By Matt Kindt & Tyler Jenkins
On Wednesday the ever prolific Matt Kindt launched his latest creator owned series, Grass Kings. A collaboration with artist Tyler Jenkins, the project is his first with BOOM! Studios. While Grass Kings begins with a familiar feel, Kindt and Jenkins gradually subvert expectations leaving readers eager to learn how the intriguing setup will further unfurl.
At its heart, Grass Kings is about land. “People been livin’ here a long damn time,” the narration explains over images of Native Americans. They are presented as the first inhabitants of the land, who, even before the arrival of outsiders, had to struggle between each other for dominance. Grass Kings does not paint a reassuring image of indigenous people at one with their environment, but instead at odds against it. There is violence and bloodshed. Corpses of rivals are tossed, as if a sacrificial offering, into the nearby lake. Those who possess the land will not give it up easily. After all, they “paid for it with blood and sweat and tears.” Still, no one’s hold on the land lasts forever. A montage depicts the passing centuries as native groups cede ground to white settlers which leads to the present day.
Roughly a century ago, the latest wave of displacement took place as the citizen of the Grass Kingdom closed off their community from the rest of the nation. Fending for themselves, they see no need for interactions with others. As long as they do not bother anyone else, they in turn should be left alone. Kindt resists the urge to present the residents of the Grass Kingdom as an assortment of anti-government clichés. True, they are highly protective of their community, keen to threaten violence when they see its boundaries breached. The thorough line of the issue involves a young man, Lo, who is caught snooping around town by the sheriff. Their languid car ride to the edge of the Kingdom provides Kindt a natural framework for sketching in the background and introducing some of the locals. On the whole, this group portrait is intriguing. Readers may not necessarily “like” all of these characters, but they do wish to learn more about them.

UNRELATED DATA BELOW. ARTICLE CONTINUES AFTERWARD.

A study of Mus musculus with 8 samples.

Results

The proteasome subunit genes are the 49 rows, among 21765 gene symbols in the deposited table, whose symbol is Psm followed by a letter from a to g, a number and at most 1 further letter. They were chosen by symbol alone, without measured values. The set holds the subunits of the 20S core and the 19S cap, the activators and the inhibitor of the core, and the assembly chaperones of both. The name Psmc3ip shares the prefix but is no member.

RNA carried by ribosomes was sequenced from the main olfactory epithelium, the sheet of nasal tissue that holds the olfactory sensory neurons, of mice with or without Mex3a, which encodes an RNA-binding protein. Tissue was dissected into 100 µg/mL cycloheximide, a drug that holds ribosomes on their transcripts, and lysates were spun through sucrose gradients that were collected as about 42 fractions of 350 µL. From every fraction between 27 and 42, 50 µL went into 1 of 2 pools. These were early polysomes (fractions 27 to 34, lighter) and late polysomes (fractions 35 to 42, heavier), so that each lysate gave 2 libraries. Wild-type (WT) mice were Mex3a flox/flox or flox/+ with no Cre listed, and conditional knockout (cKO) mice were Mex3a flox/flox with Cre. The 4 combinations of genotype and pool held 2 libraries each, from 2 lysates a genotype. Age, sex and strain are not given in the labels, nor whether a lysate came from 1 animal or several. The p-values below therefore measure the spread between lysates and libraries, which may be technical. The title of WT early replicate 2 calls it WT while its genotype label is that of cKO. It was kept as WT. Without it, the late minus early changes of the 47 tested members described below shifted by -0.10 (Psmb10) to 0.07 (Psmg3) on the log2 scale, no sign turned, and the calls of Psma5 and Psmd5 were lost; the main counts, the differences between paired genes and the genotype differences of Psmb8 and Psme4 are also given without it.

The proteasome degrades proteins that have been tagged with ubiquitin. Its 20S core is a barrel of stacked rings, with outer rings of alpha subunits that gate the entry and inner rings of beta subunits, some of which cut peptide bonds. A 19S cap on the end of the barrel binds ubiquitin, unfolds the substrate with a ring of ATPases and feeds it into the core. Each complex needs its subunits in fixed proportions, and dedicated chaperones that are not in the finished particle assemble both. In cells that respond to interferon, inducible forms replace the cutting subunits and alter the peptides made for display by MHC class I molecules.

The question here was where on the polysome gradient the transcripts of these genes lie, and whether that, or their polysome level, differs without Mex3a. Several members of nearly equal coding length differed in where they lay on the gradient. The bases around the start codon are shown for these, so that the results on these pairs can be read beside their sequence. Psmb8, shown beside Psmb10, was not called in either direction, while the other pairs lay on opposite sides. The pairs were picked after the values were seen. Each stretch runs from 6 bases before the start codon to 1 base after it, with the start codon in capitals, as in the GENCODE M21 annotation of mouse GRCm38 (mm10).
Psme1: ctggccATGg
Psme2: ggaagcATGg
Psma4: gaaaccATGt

For the majority of the issue, Grass Kings appears to be a gritty, down-to-earth drama. However, in the final few pages, Kindt tosses in a twist which suggests that other elements may be in play. The opening narration hinted the area’s true locus of power is not the soil but the water. A lake flows past, calmly observing all the upheaval. More than anything else, it is the symbol of stability. Yet, as has often been learned, such stability can come with a very steep price. “The lake holds the whole history of this place,” the narrator observes before mentioning the family members it has taken from him. “The land . . . the water . . ? It sets the toll . . . and takes what it will.” For how much longer will these inhabitants be able to hold the land?
Artist Tyler Jenkins illustrates the issue with a palette of subdued watercolors. The looseness of his figural work is reminiscent of Kindt’s own art without ever feeling derivative. However, Jenkins definitely has his own style. His art has a strong everyday quality which is particularly useful in conveying the ambiance of the Grass Kingdom. Jenkins renders the beauty of the land with the same directness he does the sometimes savagery of its inhabitants. Later in the issue, he uses gradations of color to add an abstract element to the story, as the narration coasts through the alcohol addled mind of the town’s leader. This is the most powerful segment of the issue, as Kindt and Jenkins combine their talents for an evocative sequence.
All in all, Grass Kings is mostly setup, which is perfectly acceptable for a debut issue. The exposition is well handled and the plot threads compelling. The art is striking. The reader puts down the issue ready to revisit the Grass Kingdom in further installments.